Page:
Real living: When love breaks down, the things you do...
How can years of love and affection dissolve overnight into vitriol and disdain? Hettie Judah hears some sour stories
Sunday 24 January 1999
What seems to have been conveniently forgotten is that these two people were, until very recently, regarded as being in love. Sure, Mick and Jerry have split up before, but when they got back together it was generally seen as "a good thing" because they had "something special" that couldn't be destroyed by extracurricular sex and bad behaviour. Jerry didn't stick it out with Mick for 20 years because she was so dense that it took her that long to realise that he was a scumbag. She actually liked the ol' dirty bastard; and he certainly wasn't sufficiently sick of the sight of her to put him off legitimate marital sex; remember, please, that these people have a very young baby. Two decades of mutual sexual attraction is not something to be sniffed at. Until last week, these two people were sufficiently fond of each other to want to make a go of their relationship.
Looked at in this way, Mr Jagger's behaviour over the past few days seems particularly disturbing. One day he was, at the very least, fond of the woman, and the next he appeared to be doing everything in his power to hurt and humiliate her, despite the fact that he was technically the guilty party. Yet his behaviour, even away from the mad world of the rich and famous, is by no means unusual.
Rachel, who at 42, is the same age as Jerry Hall, is currently in the middle of classically gruesome divorce proceedings. Two years in, she says that she feels in a constant state of shock; not at the breakdown of her marriage, but at the viciousness of her husband's legal attack on her. "Of course, I was deeply upset after he told me about the affair," says Rachel, "but when I went and got the children and explained what was happening, I remember very clearly hugging them all and saying, `Remember that Daddy is a good man and he will take care of us; no matter what happens he still loves us all; he's going to try as hard as he can not to hurt us; it's all going to be OK'. The weird thing was that I really believed that is what would happen; after all, we were a family and he loved his kids. Then suddenly he just seemed to change, and it became more like a war between us. All our love seemed to have been forgotten."
"It is very common to behave badly towards people we have wronged," says social psychologist Robin Gilmour. "There may be guilt for breaking up a lasting relationship and sometimes that guilt gets twisted into aggression; sometimes we attack people who make us feel guilty even if it is deserved; the person who is wronged becomes the victim."
Denise, in her twenties, encountered more immediate problems when she split up with Scott, her boyfriend of over three years. "We weren't living together, but at the time he used to stay at my place most nights. One night we had a massive row, and basically split up. Within the space of half an hour he completely flipped. I told him to leave the flat, but he wouldn't get out of my room, so I went to sleep on the sofa. The next morning when I went into my room to sling him out I discovered that he'd cut up my new suit; it was pure spite, as if he had been looking around the room trying to work out what was the most hurtful thing he could do. A fit of rage is understandable, but this was pretty cool and calculated."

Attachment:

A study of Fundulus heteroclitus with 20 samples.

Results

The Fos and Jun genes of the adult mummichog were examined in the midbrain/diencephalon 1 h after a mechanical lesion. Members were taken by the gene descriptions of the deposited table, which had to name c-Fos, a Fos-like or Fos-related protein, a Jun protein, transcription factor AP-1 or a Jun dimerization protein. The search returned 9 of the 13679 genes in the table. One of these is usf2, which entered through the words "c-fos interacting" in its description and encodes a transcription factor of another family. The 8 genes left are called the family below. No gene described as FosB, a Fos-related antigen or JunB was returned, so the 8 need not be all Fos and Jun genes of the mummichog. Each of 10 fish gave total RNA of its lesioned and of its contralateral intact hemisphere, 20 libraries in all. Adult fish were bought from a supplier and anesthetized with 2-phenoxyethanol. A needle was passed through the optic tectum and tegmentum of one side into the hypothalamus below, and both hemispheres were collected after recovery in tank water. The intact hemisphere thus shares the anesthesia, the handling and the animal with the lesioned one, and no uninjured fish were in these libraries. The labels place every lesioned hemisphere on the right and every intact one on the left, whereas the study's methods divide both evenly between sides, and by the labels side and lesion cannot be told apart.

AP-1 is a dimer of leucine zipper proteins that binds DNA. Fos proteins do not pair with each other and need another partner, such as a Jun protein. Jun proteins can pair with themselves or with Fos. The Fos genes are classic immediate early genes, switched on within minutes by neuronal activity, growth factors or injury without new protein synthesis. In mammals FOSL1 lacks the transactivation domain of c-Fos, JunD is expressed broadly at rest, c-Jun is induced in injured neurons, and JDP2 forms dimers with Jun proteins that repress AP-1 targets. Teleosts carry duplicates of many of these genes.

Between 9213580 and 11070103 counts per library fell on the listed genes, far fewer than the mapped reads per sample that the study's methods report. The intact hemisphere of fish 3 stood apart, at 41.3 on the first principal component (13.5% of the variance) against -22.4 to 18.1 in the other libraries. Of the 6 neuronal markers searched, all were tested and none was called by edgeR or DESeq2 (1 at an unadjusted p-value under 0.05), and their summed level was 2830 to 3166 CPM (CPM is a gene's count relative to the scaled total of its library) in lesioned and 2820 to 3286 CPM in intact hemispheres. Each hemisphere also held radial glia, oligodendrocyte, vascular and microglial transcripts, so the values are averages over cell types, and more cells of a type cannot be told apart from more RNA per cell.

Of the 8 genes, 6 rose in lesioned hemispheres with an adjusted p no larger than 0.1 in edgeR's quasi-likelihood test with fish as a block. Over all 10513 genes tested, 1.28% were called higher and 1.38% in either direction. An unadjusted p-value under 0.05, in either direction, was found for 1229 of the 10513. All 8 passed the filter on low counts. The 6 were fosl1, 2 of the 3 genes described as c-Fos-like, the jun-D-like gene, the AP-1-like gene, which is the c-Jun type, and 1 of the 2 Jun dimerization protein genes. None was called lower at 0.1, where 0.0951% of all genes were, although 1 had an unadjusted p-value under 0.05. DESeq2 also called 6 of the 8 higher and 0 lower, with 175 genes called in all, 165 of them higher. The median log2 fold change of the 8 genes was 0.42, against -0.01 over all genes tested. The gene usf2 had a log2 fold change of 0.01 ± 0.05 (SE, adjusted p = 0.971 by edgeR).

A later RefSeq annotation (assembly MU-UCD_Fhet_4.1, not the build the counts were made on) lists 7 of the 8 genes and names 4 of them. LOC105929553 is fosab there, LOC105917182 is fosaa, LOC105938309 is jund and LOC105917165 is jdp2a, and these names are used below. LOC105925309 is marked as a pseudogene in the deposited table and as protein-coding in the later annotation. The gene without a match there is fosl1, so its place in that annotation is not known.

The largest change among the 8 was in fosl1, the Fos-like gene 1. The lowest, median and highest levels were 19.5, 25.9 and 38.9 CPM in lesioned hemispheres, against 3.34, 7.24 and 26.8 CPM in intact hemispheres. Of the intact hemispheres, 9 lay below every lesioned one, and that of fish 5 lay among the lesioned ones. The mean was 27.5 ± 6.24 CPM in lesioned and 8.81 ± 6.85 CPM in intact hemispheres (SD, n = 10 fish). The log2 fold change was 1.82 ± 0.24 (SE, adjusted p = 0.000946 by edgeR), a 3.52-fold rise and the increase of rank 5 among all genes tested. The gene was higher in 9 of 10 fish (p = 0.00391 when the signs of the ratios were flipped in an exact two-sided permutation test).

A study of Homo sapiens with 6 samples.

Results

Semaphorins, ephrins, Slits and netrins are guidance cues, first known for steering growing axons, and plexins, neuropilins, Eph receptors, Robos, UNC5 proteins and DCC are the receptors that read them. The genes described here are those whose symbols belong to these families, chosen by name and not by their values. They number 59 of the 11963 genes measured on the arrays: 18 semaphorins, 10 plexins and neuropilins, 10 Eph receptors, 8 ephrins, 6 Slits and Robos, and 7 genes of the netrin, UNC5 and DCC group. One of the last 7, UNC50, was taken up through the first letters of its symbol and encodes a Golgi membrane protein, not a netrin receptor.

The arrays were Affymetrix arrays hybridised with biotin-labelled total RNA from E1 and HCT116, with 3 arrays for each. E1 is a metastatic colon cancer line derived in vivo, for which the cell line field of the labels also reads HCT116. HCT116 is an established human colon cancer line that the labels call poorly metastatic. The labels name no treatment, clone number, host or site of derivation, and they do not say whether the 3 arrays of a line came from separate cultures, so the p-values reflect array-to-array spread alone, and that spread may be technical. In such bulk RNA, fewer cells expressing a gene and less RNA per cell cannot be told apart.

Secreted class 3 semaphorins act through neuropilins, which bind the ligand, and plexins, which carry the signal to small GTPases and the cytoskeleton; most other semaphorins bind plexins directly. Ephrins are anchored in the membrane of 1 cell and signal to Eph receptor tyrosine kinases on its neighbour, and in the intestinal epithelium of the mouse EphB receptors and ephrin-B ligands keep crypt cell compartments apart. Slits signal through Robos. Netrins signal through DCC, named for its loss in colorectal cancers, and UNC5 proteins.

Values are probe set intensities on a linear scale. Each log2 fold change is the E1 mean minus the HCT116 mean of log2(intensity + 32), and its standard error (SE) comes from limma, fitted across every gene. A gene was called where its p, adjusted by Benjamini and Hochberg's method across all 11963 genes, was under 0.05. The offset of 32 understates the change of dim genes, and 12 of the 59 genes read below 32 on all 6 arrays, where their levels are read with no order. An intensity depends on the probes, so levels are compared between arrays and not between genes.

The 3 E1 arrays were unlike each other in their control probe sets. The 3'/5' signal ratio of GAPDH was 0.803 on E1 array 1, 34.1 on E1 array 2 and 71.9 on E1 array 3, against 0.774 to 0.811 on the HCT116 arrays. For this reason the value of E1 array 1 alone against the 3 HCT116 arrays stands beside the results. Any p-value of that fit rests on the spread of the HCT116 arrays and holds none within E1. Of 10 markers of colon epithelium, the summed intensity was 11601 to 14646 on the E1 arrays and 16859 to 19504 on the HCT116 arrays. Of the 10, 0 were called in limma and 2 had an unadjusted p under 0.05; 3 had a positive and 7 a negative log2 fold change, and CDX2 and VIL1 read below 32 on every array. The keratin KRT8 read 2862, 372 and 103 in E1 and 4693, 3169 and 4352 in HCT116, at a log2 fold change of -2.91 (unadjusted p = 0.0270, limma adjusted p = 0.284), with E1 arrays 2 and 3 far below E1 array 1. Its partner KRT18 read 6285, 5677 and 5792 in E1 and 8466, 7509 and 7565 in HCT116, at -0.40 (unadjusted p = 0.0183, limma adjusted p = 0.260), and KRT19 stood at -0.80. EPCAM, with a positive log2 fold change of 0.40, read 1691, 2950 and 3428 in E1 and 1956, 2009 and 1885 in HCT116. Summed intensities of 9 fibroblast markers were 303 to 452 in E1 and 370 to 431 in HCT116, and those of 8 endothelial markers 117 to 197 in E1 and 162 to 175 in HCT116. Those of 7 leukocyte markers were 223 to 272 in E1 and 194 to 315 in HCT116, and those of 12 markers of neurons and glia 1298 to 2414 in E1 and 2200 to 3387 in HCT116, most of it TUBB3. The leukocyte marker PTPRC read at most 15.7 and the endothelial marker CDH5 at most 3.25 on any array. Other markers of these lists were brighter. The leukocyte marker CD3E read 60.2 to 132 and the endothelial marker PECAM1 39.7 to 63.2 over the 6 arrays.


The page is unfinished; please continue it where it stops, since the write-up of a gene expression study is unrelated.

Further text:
Such stories are familiar stuff, but how much is the speed of emotional change real, and how much does it depend on the storyteller's perspective? According to Robin Gilmour, a change of this speed rarely happens: "It may seem more sudden to one party than the other. There may be elements to the breakdown that one half is not party to, thus to them it looks sudden. But from the other partner's point of view, it has been bad for a while; much is in the perception or the account of one of the partners."
Often within an apparently stable relationship there are problems that the couple collude in suppressing. They do this in the interests of staying together but this creates an artificial calm that often leads to a dramatic emotional swing once the move has been made to end the relationship. Paul, 29, split up with Helena six months ago. Although they moved into separate flats, they both still live in the same small town and frequent encounters are unavoidable. "It's not like either of us was sleeping with anyone else," says Paul. "The decision to end it was a mutual one, and I was looking forward to staying as mates. But from about a week after she moved, it suddenly became like I was some kind of evil bastard. When we saw each other, she just couldn't resist making nasty comments. It was as though she was trying to knock me down a bit."
Once the illusion of maintaining a relationship is shattered, all manner of unpleasantness can erupt, apparently out of the blue. It's a phenomenon that many of us have seen - a potent cocktail of wounded pride, guilt and long-buried resentments surfacing with a bang. It is difficult to imagine Mick and Jerry spitting profanities at one another over the caviar counter at Harvey Nicks, but I'm sure Ms Hall will give as good as she gets when it comes to insult and injury. Ladies and Gentlemen, the fuse has been lit. Please stand well back from the fireworks.